The Chaldos are adherents of the Chaldean Catholic Church and are a subset of the Assyrian people.
Today in the middle east, the group identifies itself as Sūrāyā in singular and Sūrāyē in plural which is considered to be a synonym of Aššūrāye (Assyrians.) However, the group mistakenly translates the word Suraye as Christians.
They have been settling primarily in Iraq, with smaller communities in Turkey and Iran, for the most part speaking the Chaldean Neo-Aramaic language. A formerly Nestorian denomination, they were reunited with the Roman Catholic Church in 1553 Chaldean Catholic Church was established, its first patriarch was proclaimed patriarch of "Mosul and Athur" (Nineveh and Assyria) on Feb. 20, 1553 by Pope Julius III.
Chaldean Catholics have no direct or absolute lineage with the Neo-Babylonian Empire "Chaldeans", but were designated with the name Chaldean in the 16th century when they reunited with the Catholic Church to distinguish from the adherents of the Assyrian Church of the East.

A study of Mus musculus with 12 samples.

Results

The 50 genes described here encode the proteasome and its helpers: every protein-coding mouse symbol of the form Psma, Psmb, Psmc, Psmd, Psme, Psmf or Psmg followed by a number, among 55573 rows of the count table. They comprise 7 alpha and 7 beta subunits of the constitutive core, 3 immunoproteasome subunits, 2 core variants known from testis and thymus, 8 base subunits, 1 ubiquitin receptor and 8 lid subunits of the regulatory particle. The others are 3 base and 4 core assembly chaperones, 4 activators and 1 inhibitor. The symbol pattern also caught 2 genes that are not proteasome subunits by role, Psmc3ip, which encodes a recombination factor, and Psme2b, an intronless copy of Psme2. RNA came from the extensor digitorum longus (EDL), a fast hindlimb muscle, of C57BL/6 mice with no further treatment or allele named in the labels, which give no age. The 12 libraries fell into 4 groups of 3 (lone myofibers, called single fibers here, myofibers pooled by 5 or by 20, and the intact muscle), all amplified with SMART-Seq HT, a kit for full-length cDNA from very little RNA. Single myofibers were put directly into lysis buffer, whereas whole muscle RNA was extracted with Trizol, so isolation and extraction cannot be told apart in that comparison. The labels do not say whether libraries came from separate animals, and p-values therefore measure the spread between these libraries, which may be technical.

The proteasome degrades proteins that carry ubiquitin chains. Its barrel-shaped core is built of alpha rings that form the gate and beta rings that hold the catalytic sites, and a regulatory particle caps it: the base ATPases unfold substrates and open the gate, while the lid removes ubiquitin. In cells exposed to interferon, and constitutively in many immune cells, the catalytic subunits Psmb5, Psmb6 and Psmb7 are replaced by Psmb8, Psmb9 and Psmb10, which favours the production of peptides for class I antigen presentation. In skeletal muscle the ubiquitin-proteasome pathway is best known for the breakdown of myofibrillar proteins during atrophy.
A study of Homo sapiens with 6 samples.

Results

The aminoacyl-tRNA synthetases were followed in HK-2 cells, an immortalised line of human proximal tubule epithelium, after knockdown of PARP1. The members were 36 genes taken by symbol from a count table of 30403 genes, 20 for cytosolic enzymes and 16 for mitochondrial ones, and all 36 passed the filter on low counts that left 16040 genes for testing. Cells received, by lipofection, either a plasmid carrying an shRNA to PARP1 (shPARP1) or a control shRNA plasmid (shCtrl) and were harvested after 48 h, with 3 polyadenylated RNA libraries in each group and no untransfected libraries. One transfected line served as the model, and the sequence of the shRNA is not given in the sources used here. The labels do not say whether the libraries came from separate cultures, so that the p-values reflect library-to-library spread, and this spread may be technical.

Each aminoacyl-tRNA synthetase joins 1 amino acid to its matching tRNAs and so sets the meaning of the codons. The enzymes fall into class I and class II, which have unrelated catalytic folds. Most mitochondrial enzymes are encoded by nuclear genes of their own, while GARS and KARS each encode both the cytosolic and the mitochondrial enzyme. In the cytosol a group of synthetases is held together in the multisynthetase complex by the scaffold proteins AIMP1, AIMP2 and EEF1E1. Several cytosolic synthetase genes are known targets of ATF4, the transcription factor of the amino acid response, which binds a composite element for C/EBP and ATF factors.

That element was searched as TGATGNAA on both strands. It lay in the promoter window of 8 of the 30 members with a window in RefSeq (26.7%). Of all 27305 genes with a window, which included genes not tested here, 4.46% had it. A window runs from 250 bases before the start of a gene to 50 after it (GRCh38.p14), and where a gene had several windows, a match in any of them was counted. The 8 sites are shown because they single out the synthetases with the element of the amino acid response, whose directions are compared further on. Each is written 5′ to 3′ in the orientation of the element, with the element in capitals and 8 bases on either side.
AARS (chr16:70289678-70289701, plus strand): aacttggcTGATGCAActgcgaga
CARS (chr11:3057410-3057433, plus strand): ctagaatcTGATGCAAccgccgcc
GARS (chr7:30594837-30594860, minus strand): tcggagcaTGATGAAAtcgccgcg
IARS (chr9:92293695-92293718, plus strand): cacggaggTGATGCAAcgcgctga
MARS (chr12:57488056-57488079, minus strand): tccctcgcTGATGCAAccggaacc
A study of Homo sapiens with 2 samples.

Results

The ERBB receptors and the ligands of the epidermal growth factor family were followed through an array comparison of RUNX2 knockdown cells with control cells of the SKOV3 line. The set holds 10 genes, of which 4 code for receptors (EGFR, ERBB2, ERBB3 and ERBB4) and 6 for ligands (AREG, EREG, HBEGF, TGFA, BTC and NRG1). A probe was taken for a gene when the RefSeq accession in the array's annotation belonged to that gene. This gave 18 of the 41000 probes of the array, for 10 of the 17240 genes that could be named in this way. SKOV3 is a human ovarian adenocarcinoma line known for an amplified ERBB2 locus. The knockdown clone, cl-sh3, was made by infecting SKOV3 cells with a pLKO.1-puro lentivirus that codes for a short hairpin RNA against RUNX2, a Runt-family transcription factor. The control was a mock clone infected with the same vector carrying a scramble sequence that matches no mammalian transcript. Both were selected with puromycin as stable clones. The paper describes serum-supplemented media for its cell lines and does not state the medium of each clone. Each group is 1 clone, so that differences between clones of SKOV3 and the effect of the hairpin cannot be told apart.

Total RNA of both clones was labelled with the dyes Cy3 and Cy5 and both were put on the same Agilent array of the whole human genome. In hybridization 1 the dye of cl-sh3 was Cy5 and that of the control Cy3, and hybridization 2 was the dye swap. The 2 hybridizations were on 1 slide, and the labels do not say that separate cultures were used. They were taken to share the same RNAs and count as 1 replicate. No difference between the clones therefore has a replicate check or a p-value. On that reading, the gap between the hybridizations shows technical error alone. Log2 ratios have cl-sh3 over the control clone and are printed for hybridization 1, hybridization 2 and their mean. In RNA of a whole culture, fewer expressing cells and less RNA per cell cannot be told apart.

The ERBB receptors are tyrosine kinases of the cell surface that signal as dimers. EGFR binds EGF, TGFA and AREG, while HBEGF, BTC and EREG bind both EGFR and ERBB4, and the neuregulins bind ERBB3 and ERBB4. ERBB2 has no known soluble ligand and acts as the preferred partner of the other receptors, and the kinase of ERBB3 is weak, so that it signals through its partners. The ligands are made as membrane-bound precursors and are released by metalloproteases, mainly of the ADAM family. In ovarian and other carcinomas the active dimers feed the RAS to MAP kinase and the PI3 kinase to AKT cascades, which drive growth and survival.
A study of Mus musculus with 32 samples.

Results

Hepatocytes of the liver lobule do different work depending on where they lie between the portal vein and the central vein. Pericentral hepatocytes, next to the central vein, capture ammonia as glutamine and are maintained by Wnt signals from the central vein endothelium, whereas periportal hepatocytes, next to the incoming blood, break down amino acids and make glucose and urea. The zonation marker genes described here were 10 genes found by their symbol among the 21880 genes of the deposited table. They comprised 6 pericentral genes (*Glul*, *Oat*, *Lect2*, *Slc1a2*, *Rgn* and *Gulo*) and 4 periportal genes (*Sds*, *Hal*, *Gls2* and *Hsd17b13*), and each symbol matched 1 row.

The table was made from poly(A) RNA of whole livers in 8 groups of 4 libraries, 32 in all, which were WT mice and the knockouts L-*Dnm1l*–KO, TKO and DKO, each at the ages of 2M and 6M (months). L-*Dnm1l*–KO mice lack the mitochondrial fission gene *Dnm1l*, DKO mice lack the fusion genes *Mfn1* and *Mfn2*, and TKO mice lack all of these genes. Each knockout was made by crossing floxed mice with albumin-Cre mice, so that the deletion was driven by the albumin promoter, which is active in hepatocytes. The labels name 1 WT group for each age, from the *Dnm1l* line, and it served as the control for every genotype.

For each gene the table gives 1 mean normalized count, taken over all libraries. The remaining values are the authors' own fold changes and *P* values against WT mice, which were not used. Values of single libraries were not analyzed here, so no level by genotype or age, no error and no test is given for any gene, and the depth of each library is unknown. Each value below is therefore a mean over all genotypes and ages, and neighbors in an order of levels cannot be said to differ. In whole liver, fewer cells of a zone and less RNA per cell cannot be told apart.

Mar Raphael I Bidawid, a patriarch of the Chaldean Catholic Church: “I personally think that these different names serve to add confusion. The original name of our Church was the ‘Church of the East’ ... When a portion of the Church of the East became Catholic, the name given was ‘Chaldean’ based on the Magi kings who came from the land of the Chaldean, to Bethlehem. The name ‘Chaldean’ does not represent an ethnicity... We have to separate what is ethnicity and what is religion... I myself, my sect is Chaldean, but ethnically, I am Assyrian.”
Mar Raphael I Bidawid: “Before I became a priest I was an Assyrian, before I became a bishop I was an Assyrian, I am an Assyrian today, tomorrow, forever, and I am proud of it.”